I don’t particularly like the idea of creating high expectations for the upcoming year, but at the same time, I’m also the type of person that makes New Year’s resolution every 3 weeks (or less!). So my list of things that I want to do or achieve is always endless.
During the past few years, my resolutions for the new year have been more connected to setting better habits for myself and my working routine.
These are the small things I’ll keep focusing on:
1. Creating a routine of regular free drawing in my sketchbook
I started being more self-aware and consistent with this practice during a long creative crisis I’d been through recently (I’ll write more about it in the future).
It’s not something that you do for instant online sharing, and it doesn’t have to be good or finished. It’s like writing in your secret diary, or when you’re studying something.
There’s no pressure to share what you do, no perfectionism involved, and it’s not necessary to be original.
You can use this time for yourself as training by re-drawing an illustration or a photo you like, you can use it to learn more about how your way of drawing works, or as a time to be critical of the aspects of your work you don't like anymore.
I try to do this every day, or at least 1-2 times a week when I’m too busy. Just 15-30 minutes or less is enough, but if you can do it for an hour or more it’s even better!
2. Regular exercise
As a person that spends most of her time drawing or sitting in front of a monitor for work, I have to remember the importance of exercising (or at least having a little walk).
So I started incorporating a yoga practice into my everyday routine.
If I have time I do it for 30 minutes or more. When I know I’m having a busy day I try to do it for at least 15 minutes. I started to be consistent in 2017 and now I’m trying to be even more consistent (I also try to be forgiving if I skip it sometimes!).
It’s less difficult than it seems if you start small. You can scratch out 10-15 minutes from your busy days, right? It’s simple, but it’s a game changer.
I like to follow Yoga with Adriene on YouTube, and her 30 days of yoga are the best way to start this habit. Another thing I did years ago, and then stopped, was going for a 40 minute run 3 times a week.
My plan for the next few months is to start this habit again, but I’ll take it slowly, no rush.
3. Airplane mode
I try to put my phone on airplane mode around 10-11pm so I won’t get any late or overnight notifications but I’m still working on it. I want to tune out after dinner and to watch a movie or read instead of ending up in a scrolling loop.
I love scrolling through Instagram and Tumblr, so I know it’s hard for me, but when I do actually do it I prefer the sensation to be quiet, of slowing down, and of being focused on only one thing.
I want to improve this for the mornings as well. I’ve gotten in the bad habit of staring at my phone first thing when I wake up.
My plan is to buy a little alarm and leave the phone away from my night table. When I wake up I normally go straight to yoga, but I’d love to incorporate some meditation and reading while instead of checking dog accounts on Instagram while having my morning cereal!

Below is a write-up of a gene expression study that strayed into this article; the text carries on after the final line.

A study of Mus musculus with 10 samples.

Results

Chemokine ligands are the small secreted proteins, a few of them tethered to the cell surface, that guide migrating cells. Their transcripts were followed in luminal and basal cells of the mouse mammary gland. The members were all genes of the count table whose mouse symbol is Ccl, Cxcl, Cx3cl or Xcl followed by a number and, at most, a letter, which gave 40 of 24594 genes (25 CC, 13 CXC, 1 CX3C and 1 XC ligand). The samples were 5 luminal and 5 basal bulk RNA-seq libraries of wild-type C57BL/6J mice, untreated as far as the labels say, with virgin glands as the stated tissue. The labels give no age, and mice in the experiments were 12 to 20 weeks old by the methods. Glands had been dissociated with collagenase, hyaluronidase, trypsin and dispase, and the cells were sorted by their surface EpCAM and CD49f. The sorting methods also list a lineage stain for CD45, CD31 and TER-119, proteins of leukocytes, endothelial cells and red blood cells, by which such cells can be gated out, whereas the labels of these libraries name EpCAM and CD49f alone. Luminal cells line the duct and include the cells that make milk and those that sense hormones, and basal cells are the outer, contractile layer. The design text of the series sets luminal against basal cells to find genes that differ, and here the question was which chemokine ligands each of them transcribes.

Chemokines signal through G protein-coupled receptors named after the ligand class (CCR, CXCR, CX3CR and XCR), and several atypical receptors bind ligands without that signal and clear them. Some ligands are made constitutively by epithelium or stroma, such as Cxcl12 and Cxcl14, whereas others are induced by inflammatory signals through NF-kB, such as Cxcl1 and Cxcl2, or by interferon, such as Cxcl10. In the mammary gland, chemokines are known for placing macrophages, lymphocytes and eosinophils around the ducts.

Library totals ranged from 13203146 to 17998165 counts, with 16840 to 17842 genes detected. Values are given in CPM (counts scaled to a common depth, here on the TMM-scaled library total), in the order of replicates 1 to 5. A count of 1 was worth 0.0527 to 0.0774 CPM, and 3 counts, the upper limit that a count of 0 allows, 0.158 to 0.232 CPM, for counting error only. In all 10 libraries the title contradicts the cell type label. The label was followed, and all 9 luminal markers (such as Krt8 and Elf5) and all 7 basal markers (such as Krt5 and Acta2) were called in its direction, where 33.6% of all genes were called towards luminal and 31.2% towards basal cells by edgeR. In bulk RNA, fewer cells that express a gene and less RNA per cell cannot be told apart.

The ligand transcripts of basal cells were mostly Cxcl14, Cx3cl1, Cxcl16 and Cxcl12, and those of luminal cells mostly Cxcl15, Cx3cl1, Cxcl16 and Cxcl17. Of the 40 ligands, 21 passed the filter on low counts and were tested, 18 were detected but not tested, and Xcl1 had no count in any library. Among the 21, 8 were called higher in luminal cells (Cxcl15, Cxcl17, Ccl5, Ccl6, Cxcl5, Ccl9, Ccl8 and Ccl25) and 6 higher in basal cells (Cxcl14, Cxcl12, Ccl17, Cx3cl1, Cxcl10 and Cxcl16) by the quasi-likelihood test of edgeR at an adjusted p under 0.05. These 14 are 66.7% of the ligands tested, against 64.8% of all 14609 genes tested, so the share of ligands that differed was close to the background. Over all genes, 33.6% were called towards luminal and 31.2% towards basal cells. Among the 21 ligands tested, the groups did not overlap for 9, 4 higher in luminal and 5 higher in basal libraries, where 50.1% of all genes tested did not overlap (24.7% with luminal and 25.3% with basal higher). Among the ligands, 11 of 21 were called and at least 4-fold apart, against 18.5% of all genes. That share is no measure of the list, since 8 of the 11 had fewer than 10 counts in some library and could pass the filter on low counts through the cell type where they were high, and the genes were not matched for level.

4. Notifications sound off
I deactivated all my notification sounds on my phone and computer years ago. I’m very compulsive about checking my email so it’s unlikely that I will miss new client messages, but I’ve left the email and message notifications on my phone screen just in case (at least they won’t sound).
No noisy distractions while writing, sketching, and drawing.
I’m sure it’s something that’s done by many, but if you never tried it just go for it, it’s really liberating! If I find myself in a procrastination loop, I can move my phone away from the table and nothing will bother me.
During stressful days I can be much more vulnerable with procrastinating, so at the very least the notification sounds are not there to increase my lack of focus.
5. Finding moments to check in with myself
As a freelancer, I often risk getting sucked in by client deadlines and quick assignments. Sometimes it’s inevitable. I’m also an author and I love to develop my personal projects, such as graphic novels, surface design, and objects.
To do so, I need to remember to check in with my priorities on a regular basis.
I don’t have a special time during the week (it might be a good idea to set up a day and hour, but I’m not there yet). I do it when I have a calmer moment: during the weekends, or after a deadline.
I try to look back at my notes and check my calendar to figure out where I can squeeze in other things I’d like to develop.
My plan for the next year is trying to develop a daily writing routine of 10-15 minutes minimum, as I already do with my yoga and my free sketching time. It can be writing about my personal life or just trying to go ahead with that story I’ve been postponing for way too long.
6. Having a hobby for no purpose
Last year I went once a week to a ceramic class at Lusesita. I didn’t go to the class with the idea of selling my creations or to incorporate them into my business, it was something I’ve wanted to try for a long time just for fun.
I’ve learned so much thanks to it. Even things that could be useful for my work-life.
I’ve developed more patience, it’s helped me to stay focused in the moment, to slow down, and to accept failure as a part of the process.
Why wasn’t I able to welcome all this in my drawing practice? They were great lessons and it reminded me of the importance of doing something different from your work, especially when your first hobby has become your job.
That’s all for now, I wish you a great new year, full of new possibilities and explorations! Do you have any good habits that you’d like to share with me? I’d love to hear what you’re focusing on and maybe incorporate them into these ones. Thanks!